Wes Craven Presents: They

It's sad when horror movies don't even try. Wes Craven Presents: They is a boring attempt at horror, the makers seemed off-put enough that they didn't even write a coherent story. Apparently, the biggest original idea was to change the word "nightmare" to "night terror." See, "terror" makes it sound scarier. Ooohhh! There is a shell of a story supplemented with dark sets, and plenty of opportunities to make the viewer jump, which apparently is what many filmmakers thing "horror" is (that and unnecessary gore, which They surprisingly doesn't have). It seems that some of the children who had night terrors growing up are having a recurrence.

Julia (Laura Regan, Someone Like You, Unbreakable) is one of those people. Julia is a stressed graduate student prepping for her thesis defense, so night terrors are not exactly a welcome thing. A childhood friend who also had these nightmares came to warn her that something was happening, before committing suicide right in front of her. He believed that something was after them. It didn't get them when they were kids, so now it is coming back for them as adults. Julia's boyfriend Paul (Marc Blucas, Sunshine State, We Were Soldiers) thinks she is just stressing over finals. Then she meets Sam (Ethan Embry, Sweet Home Alabama, Manfast) and Terry (Dagmara Dominczyk, The Count of Monte Cristo, Rock Star), two people who are also having night terrors. They also believe something is after them.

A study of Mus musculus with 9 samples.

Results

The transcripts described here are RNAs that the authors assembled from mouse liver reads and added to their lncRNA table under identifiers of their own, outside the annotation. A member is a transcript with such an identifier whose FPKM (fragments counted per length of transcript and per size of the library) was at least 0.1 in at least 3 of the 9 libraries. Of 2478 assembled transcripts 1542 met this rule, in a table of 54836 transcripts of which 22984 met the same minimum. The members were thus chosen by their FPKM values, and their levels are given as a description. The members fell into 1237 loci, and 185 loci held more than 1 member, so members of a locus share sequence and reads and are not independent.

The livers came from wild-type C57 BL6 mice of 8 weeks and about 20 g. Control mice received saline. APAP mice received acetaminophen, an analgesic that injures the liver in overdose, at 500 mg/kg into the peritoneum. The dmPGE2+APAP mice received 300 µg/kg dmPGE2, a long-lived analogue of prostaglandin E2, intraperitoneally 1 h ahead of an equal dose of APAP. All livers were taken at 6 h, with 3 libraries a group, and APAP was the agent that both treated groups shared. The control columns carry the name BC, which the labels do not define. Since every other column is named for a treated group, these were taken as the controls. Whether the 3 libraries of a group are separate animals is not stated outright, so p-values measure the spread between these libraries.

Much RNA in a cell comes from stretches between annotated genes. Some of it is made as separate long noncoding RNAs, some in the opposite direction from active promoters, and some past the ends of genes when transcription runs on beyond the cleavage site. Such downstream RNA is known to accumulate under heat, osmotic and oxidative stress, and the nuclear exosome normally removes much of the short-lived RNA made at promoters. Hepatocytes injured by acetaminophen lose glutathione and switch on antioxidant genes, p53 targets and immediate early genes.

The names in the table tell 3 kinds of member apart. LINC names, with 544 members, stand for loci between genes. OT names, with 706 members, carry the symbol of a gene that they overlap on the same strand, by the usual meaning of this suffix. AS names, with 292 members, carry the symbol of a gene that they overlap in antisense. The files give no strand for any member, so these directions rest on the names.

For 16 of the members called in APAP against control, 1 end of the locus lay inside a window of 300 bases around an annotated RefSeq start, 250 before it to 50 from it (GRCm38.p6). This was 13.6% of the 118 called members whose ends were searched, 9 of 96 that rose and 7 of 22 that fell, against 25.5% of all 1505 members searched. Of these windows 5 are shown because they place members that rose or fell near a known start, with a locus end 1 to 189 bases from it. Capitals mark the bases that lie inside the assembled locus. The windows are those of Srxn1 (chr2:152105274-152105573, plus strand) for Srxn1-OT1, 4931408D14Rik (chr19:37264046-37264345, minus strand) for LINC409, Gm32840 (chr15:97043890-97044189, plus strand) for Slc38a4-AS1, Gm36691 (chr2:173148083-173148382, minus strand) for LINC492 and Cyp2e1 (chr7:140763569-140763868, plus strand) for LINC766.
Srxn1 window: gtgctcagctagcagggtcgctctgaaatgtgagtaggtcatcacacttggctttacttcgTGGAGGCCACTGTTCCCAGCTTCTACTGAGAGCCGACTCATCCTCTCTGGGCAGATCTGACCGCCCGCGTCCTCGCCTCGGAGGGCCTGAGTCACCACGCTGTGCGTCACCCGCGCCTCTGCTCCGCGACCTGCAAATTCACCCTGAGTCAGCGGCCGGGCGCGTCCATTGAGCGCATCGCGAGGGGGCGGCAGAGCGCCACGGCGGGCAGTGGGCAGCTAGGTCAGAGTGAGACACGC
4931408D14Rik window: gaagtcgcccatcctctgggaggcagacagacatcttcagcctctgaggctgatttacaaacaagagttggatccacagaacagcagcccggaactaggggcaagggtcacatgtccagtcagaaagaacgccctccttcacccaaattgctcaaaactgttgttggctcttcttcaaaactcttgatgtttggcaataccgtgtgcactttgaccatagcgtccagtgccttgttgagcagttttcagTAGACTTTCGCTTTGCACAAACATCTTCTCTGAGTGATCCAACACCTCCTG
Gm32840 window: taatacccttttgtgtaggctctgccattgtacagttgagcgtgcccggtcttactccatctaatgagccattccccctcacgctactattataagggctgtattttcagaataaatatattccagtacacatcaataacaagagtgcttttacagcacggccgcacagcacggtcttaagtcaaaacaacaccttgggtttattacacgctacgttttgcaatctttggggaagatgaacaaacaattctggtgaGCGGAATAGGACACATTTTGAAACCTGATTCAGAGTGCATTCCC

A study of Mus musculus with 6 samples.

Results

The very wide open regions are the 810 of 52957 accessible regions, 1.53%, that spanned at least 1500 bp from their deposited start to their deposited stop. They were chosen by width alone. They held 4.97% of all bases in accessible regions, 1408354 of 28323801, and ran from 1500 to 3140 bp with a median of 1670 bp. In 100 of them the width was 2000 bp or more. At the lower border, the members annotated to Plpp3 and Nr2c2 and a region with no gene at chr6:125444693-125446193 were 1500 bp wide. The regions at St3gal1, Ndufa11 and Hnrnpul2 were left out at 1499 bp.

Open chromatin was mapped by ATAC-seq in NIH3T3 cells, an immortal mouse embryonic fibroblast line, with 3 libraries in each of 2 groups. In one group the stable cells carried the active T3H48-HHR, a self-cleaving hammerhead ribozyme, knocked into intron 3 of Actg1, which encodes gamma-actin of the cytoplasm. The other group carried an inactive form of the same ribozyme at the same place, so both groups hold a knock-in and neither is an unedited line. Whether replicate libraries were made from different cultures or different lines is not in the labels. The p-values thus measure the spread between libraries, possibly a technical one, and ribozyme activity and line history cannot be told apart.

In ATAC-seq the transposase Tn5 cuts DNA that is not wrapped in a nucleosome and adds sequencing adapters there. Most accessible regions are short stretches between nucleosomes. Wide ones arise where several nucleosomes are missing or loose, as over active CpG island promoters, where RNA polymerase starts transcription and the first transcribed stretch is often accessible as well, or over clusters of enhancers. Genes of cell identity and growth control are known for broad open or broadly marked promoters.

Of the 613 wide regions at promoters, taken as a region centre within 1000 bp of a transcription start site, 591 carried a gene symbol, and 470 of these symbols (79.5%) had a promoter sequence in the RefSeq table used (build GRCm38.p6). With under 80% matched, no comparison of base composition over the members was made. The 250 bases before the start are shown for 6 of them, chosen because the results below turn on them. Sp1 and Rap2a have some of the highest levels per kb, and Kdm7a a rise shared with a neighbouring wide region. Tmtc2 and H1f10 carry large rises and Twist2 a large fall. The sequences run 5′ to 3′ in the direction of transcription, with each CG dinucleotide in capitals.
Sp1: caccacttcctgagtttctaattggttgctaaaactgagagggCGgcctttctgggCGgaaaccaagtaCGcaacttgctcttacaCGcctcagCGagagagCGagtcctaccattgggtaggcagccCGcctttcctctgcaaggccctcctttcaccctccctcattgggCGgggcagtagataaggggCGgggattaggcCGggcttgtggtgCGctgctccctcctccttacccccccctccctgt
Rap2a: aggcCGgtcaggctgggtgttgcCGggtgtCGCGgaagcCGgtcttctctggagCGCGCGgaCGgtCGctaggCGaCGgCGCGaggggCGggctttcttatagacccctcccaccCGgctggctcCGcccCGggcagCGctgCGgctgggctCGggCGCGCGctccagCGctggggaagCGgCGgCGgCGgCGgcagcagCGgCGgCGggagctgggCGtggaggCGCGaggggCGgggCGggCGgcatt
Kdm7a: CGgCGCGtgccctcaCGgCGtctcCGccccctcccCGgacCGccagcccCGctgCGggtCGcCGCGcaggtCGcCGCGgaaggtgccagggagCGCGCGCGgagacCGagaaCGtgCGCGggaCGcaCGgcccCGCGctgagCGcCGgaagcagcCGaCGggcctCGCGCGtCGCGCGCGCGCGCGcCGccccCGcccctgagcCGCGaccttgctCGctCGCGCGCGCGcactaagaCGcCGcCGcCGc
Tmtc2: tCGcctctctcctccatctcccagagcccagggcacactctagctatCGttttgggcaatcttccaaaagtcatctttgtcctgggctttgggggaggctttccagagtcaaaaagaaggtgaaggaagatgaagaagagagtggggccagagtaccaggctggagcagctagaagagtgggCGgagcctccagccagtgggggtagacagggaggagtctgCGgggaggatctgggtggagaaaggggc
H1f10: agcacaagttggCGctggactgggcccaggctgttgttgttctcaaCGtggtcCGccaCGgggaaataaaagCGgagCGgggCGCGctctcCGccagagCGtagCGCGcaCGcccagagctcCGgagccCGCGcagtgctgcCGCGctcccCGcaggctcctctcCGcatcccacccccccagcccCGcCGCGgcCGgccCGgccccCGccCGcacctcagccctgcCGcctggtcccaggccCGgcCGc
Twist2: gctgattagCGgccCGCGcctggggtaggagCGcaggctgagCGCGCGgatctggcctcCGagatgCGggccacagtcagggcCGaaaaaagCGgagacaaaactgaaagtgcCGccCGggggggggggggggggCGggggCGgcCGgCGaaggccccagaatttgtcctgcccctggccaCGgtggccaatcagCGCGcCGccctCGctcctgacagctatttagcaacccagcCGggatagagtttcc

That's really all there is to Brendan William Hood's (The Darklings) script. He touches on something that could have made They much more insightful; Julia may be imagining everything because of extreme anxiety over her looming defense. By glancing upon this and subsequently ignoring it, Hood and director Robert Harmon (The Crossing, Gotti) shows how little thought went into the movie. This is a lazy movie that comes across as boring and dull. The story never makes much sense at all, and Regan comes across more shrill than anything else. The 'jump' moments serve only to wake up the audience. The darkness is slightly effective in creating a mood, but nonexistent plotting undermines any efforts Harmon made. Craven should be more careful when adding his name to movies. Dracula 2000 was barely serviceable. They is not.

Haro Rates It: Pretty Bad.
1 hour, 30 minutes, Rated PG-13 for terror/violence, sexual content, and language.